Samuel Case, FISM News
Late Friday a U.S. federal judge overruled the state’s 32-year-old “assault weapons” ban, citing the Second Amendment, prompting attacks from Governor Gavin Newsom and the state’s attorney general.
The sale of so-called “assault weapons” has been banned in California since 1989, but the prohibition was challenged in 2019 by resident James Miller along with the San Diego County Gun Owners committee.
In the ruling, Roger Benitez of the U.S. District Court for the Southern District of California wrote,
This case is not about extraordinary weapons lying at the outer limits of Second Amendment protection. The banned ‘assault weapons’ are not bazookas, howitzers, or machineguns. Those arms are dangerous and solely useful for military purposes. Instead, the firearms deemed ‘assault weapons’ are fairly ordinary, popular, modern rifles. This is an average case about average guns used in average ways for average purposes.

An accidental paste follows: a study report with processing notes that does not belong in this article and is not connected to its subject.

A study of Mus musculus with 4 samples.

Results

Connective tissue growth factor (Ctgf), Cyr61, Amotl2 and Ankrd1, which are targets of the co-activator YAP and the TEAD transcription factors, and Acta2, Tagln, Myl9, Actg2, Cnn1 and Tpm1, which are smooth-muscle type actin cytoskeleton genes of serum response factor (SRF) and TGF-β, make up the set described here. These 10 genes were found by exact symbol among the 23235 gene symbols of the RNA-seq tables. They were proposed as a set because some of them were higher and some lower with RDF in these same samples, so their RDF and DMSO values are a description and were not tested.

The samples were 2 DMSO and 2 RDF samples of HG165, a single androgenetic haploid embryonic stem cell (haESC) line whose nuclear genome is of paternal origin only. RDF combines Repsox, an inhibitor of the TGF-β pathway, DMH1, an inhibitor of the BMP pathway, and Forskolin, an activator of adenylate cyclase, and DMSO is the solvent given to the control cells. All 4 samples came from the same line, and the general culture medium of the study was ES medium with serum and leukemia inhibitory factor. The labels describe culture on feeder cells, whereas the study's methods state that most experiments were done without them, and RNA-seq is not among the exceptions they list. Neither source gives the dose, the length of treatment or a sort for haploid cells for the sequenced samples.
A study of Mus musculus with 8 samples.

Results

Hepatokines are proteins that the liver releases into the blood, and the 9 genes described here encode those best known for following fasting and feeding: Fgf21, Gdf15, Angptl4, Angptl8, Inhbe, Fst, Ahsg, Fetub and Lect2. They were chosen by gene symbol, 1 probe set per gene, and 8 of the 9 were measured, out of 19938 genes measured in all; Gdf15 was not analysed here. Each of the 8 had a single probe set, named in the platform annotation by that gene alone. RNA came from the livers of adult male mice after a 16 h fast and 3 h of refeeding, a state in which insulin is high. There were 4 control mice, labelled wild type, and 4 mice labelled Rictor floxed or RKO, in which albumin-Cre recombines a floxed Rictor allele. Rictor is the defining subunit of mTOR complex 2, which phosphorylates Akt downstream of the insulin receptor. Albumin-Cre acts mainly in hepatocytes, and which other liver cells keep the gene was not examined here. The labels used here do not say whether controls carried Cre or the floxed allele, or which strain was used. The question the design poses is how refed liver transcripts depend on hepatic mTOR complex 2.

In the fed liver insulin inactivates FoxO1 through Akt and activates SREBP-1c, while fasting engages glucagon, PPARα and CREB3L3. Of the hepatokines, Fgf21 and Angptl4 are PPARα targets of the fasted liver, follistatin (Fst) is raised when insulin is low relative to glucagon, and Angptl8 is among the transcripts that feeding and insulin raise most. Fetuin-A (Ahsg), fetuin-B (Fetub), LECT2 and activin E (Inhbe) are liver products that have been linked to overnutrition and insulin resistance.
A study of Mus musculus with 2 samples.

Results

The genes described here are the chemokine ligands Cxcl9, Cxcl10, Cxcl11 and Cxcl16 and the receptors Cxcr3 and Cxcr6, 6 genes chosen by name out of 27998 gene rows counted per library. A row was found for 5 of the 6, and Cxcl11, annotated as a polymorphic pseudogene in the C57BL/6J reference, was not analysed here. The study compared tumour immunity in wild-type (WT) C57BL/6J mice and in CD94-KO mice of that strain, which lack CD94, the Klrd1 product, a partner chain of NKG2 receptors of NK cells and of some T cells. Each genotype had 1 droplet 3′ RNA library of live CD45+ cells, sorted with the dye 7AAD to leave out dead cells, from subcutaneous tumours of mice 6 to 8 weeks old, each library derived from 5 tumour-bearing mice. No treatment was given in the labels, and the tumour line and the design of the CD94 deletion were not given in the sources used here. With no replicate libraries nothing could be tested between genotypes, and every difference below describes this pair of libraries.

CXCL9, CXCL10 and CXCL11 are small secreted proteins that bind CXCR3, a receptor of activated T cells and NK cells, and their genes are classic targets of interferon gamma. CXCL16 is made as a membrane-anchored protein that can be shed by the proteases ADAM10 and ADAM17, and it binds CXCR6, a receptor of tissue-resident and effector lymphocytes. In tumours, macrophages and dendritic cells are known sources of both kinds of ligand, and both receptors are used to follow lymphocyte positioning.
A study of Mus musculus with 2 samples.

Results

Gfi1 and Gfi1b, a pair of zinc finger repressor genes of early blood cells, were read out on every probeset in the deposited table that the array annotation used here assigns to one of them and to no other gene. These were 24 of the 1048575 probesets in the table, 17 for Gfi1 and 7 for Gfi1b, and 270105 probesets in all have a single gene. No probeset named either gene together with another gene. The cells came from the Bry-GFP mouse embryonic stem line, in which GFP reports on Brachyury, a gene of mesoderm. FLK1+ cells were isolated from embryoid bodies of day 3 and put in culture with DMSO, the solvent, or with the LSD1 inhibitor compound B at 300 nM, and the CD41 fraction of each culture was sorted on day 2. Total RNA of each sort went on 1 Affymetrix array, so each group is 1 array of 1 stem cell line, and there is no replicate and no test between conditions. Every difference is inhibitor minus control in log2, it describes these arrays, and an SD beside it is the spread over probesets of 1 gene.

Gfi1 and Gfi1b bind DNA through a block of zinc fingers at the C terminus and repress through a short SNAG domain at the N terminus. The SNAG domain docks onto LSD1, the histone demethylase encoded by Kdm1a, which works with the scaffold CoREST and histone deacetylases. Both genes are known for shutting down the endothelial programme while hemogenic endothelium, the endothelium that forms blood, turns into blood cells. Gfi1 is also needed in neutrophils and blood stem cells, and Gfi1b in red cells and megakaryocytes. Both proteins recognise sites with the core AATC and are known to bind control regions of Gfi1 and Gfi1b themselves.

The ruling said, “This case is about what should be a muscular constitutional right and whether a state can force a gun policy choice that impinges on that right with a 30-year-old failed experiment,” adding, “Government is not free to impose its own new policy choices on American citizens where Constitutional rights are concerned.”
“It is declared that these statutes unconstitutionally infringe the Second Amendment rights of California citizens,” Benitez concluded, saying the Second Amendment “is about America’s freedom: the freedom to protect oneself, family, home, and homeland. California’s assault weapon ban disrespects that freedom.”
In response to the judge’s decision, California Governor Gavin Newsom in a statement called the ruling, “a direct threat to public safety and innocent Californians,” and California Attorney General Rob Bonta said in a statement, “Today’s decision is fundamentally flawed, and we will be appealing it.”